Coronavirus updates: US has highest national death toll, surpassing Italy

While many countries around the world and cities in the U.S. are pointing toward positive signs that social distancing might be finally flattening the curve, the novel coronavirus death toll continues to be staggering.
In the U.S., more than 500,000 people have been diagnosed with COVID-19, the disease caused by the new respiratory virus, according to data compiled by the Center for Systems Science and Engineering at Johns Hopkins University. At least 19,701 people in the U.S. have died, the highest out of any country.
Across the globe, at least 102,800 people have died from the coronavirus
Worldwide, more than 1.7 million people have been diagnosed since the virus emerged in China in December. The actual numbers are believed to be much higher due to testing shortages, many unreported cases and suspicions that some governments are hiding the scope of their nations' outbreaks.
Today's biggest developments:

  • US death toll highest in world, cases now over half a million
  • Michael Avenatti granted release from prison due to COVID-19
  • Global death toll tops 100,000.        
  • The majority of residents at a nursing home in Aurora, Colorado, have tested positive for COVID-19 and eight people have died, according to the state's Department of Public Health and Environment (CDPHE).
    Five of the eight deaths at Juniper Village were confirmed as COVID-19 related, according to a statement from the department. The coroner is considering the remaining three deaths as probable cases of COVID-19.
    Out of the 46 residents, 33 tested positive, along with 16 of the 25 staff members, according to the statement.
    "We know that the populations in these facilities are among the most vulnerable and are at highest risk of severe illness from this virus," Rachel Herlihy, state epidemiologist at the Colorado Dept. of Public Health and Environment, said in a statement. "The department is doing everything we can to be as transparent as possible regarding reported outbreaks to keep people safe while protecting patient privacy."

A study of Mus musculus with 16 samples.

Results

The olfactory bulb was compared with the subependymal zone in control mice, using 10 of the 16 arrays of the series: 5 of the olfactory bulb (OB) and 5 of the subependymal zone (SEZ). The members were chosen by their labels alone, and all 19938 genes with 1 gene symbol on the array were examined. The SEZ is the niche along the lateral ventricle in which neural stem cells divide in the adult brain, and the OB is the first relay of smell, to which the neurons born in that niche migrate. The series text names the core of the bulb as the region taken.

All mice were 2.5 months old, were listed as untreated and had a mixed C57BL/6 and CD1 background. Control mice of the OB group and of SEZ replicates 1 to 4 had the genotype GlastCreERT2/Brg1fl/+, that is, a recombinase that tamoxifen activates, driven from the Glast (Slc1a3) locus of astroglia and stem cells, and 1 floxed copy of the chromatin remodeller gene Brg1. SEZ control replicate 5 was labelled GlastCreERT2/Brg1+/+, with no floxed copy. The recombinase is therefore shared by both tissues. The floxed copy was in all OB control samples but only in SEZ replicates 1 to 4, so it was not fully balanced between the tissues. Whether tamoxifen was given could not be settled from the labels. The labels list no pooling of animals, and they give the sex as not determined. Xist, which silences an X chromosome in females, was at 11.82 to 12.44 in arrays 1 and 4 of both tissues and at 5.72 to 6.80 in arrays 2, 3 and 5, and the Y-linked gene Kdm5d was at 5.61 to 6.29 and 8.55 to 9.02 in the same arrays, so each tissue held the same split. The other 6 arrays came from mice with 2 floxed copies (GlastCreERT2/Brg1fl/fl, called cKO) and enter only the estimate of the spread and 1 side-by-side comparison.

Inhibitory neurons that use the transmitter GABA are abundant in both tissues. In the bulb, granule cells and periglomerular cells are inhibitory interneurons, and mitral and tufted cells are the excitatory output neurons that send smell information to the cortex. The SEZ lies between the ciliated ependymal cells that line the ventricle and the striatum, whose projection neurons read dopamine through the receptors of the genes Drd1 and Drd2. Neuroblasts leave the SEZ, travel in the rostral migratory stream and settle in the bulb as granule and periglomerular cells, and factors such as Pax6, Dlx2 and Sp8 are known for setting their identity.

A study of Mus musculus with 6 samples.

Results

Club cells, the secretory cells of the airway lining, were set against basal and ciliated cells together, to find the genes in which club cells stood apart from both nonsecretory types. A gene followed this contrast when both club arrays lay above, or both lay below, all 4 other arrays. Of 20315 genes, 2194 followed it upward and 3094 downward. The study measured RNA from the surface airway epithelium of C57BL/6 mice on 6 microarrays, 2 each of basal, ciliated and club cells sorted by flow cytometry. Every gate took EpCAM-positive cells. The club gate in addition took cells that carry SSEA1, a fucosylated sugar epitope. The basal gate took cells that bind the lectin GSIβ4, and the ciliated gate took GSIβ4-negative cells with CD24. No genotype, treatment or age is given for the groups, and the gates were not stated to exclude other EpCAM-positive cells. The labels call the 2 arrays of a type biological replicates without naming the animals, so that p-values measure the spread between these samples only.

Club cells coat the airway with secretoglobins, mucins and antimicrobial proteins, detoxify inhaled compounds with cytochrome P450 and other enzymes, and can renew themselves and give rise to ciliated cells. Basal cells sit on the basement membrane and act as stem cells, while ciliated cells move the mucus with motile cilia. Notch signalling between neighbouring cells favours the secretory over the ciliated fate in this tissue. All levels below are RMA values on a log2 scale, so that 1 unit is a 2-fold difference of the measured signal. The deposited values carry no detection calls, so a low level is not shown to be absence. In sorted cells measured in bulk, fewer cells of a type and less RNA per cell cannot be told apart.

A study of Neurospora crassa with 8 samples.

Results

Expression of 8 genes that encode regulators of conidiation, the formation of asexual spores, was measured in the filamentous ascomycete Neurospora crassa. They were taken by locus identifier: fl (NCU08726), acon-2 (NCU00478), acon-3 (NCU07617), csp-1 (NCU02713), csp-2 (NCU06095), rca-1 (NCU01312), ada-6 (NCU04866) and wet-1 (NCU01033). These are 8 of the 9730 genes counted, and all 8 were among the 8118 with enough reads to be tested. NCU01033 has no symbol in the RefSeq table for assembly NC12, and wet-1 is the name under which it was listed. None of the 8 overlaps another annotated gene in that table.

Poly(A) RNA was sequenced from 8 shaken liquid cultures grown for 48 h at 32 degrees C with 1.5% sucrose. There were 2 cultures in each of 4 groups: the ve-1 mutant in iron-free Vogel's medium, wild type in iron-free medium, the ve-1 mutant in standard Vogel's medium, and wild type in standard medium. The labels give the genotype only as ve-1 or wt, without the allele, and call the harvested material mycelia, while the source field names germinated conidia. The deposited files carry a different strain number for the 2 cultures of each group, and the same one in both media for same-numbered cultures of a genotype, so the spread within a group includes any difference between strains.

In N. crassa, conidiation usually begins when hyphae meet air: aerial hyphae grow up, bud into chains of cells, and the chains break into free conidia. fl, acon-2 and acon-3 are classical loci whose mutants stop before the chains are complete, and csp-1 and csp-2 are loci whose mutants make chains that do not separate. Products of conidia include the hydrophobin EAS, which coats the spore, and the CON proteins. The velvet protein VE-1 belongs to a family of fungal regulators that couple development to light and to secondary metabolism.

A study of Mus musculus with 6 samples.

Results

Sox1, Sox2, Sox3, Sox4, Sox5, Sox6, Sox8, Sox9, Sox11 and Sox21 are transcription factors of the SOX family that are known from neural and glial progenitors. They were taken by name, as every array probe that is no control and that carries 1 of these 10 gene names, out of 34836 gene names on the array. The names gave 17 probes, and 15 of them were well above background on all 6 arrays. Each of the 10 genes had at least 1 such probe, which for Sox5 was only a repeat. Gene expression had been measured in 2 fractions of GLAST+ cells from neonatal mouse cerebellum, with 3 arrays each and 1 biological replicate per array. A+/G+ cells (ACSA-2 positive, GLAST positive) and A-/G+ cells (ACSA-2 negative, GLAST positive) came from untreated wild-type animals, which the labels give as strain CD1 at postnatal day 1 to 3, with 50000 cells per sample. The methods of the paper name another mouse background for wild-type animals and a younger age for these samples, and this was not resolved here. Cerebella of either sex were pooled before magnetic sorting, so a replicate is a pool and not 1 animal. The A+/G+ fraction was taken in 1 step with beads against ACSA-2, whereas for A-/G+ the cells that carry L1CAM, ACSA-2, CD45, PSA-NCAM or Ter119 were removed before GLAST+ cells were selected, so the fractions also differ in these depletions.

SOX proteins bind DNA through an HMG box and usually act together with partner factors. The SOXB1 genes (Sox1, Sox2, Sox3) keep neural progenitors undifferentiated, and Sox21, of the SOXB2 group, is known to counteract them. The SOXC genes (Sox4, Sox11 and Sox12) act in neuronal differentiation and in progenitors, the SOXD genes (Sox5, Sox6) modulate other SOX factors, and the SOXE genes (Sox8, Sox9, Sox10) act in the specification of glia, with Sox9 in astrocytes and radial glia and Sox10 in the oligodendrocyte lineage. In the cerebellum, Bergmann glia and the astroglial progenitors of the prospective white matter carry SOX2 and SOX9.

Testing began at the facility after state officials learned that several staff had tested positive. The testing was done through a private lab.
    An investigation at Juniper Village began on March 27 after epidemiologists from Tri-County Health Department notified CDPHE that their local investigations of positive COVID-19 cases included several health care workers from the facility. Since then, infection preventionists and epidemiologists from both departments have conducted virtual consultations with Juniper Village, including assessing the facility’s current practices.
    A team from CDPHE's Health Facilities Division conducted an on-site visit on April 2 after receiving a formal complaint about the home's infection prevention practices.
    The investigation remains ongoing and could take several months.